Minicircles are small (~4kb) circular plasmid derivatives that have been freed from all prokaryotic vector parts. They have been applied as transgene carriers for the genetic modification of mammalian cells, with the advantage that, since they contain no bacterial DNA sequences, they are less likely to be perceived as foreign and destroyed. (Typical transgene delivery methods involve plasmids, which contain foreign DNA.) The smaller size of minicircles also extends their cloning capacity and facilitates their delivery into cells.
- production of a ´parental plasmid´ (bacterial plasmid with eukaryotic inserts) in 'E. coli'
- induction of a site-specific recombinase at the end of this process but still in bacteria. These steps are followed by the
- excision of prokaryotic vector parts via two recombinase-target sequences at both ends of the insert
- recovery of the resulting minicircle (vehicle for the highly efficient modification of the recipient cell) and the miniplasmid by capillary gel electrophoresis (CGE)
Conventional minicircles lack an origin of replication, so they do not replicate within the target cells and the encoded genes will disappear as the cell divides (which can be either an advantage or disadvantage depending on whether the application demands persistent or transient expression). A novel addition to the field are nonviral self-replicating minicircles, which owe this property to the presence of a S/MAR-Element. Self-replicating minicircles hold great promise for the systematic modification of stem cells and will significantly extend the potential of their plasmidal precursor forms ("parental plasmids"), the more as the principal feasibility of such an approach has amply been demonstrated for their plasmidal precursor forms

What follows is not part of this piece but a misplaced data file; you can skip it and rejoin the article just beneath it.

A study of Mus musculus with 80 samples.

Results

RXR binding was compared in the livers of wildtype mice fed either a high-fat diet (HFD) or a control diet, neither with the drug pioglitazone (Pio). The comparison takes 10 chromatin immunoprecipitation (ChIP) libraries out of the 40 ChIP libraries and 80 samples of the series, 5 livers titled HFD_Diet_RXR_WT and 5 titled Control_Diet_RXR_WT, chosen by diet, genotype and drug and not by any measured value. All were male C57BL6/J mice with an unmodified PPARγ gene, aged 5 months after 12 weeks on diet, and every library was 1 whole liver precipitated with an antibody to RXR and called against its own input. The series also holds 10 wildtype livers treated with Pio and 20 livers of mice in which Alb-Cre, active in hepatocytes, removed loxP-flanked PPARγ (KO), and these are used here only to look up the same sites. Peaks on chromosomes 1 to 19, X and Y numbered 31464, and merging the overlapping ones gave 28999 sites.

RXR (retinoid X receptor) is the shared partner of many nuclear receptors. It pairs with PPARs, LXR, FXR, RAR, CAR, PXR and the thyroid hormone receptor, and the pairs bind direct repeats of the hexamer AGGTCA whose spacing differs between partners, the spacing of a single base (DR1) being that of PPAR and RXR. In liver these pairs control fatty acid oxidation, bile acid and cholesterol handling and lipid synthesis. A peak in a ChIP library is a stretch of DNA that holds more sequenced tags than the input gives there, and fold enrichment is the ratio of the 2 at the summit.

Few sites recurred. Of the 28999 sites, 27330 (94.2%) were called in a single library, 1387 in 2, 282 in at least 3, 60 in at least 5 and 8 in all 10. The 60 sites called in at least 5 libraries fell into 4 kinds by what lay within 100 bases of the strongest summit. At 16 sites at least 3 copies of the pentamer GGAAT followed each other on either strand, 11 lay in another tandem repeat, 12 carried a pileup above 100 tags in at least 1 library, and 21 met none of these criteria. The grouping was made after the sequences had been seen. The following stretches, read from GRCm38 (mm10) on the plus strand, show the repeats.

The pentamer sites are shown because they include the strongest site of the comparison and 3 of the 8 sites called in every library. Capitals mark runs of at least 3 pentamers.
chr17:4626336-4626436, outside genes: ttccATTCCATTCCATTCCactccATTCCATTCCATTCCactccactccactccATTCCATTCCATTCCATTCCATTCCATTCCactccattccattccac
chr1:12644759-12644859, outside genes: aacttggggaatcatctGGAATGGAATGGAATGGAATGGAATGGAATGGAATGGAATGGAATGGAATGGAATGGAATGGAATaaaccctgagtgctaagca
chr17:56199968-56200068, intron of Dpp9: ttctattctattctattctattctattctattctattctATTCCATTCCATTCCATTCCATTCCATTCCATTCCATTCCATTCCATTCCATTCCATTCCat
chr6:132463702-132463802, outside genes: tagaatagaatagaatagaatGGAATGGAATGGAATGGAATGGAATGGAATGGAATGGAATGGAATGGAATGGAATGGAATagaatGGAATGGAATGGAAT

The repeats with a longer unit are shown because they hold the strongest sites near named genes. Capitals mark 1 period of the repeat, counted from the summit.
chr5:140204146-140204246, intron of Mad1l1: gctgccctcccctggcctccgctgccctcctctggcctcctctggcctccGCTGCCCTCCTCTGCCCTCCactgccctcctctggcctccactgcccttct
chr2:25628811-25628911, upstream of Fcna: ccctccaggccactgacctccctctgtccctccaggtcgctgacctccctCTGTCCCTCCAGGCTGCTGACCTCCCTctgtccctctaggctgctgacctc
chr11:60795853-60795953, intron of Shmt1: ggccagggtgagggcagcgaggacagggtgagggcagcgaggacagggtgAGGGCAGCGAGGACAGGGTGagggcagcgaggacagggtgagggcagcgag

- Nehlsen, K., Broll S., Bode, J. (2006). "Replicating minicircles: Generation of nonviral episomes for the efficient modification of dividing cells". Gene Ther. Mol. Biol. 10: 233–244.
- Kay, M.A., He, C.-Y, Chen, Z.-H. (2010). "A robust system for production of minicircle DNA vectors". Nature Biotechnology. 28: 1287–1289. doi:10.1038/nbt.1708.
- Broll, S., Oumard A., Hahn K., Schambach A, Bode, J. . (2010). "Minicircle Performance Depending on S/MAR-Nuclear Matrix Interactions". J. Mol. Biol. 395: 950–965. doi:10.1016/j.jmb.2009.11.066.
- Argyros, O., Wong SP., Fedonidis C.; et al. (2011). "Development of S/MAR minicircles for enhanced and persistent transgene expression in the mouse liver". J. Mol. Med. 89: 515–529. doi:10.1007/s00109-010-0713-3.
- Heinz, N, Broll S, Schleef M, Baum C, Bode J (2012). "Filling a gap: S/MAR-based replicating minicircles". CliniBook - Nonviral Platform; Clinigene Network: 271–277.
- Nehlsen, S, Broll S, Kandimalla R, Heinz N, Heine M, Binius S, Schambach A & Bode J (2013). "Replicating Minicircles: Overcoming the limitations of transient and of stable expression systems". Minicircle and Plasmid DNA Vectors - The Future of non-viral and viral Gene-Transfer, Schleef, M. (ed.), ISBN 978-3-527-32456-9 - Wiley-VCH, Weinheim: 115–162.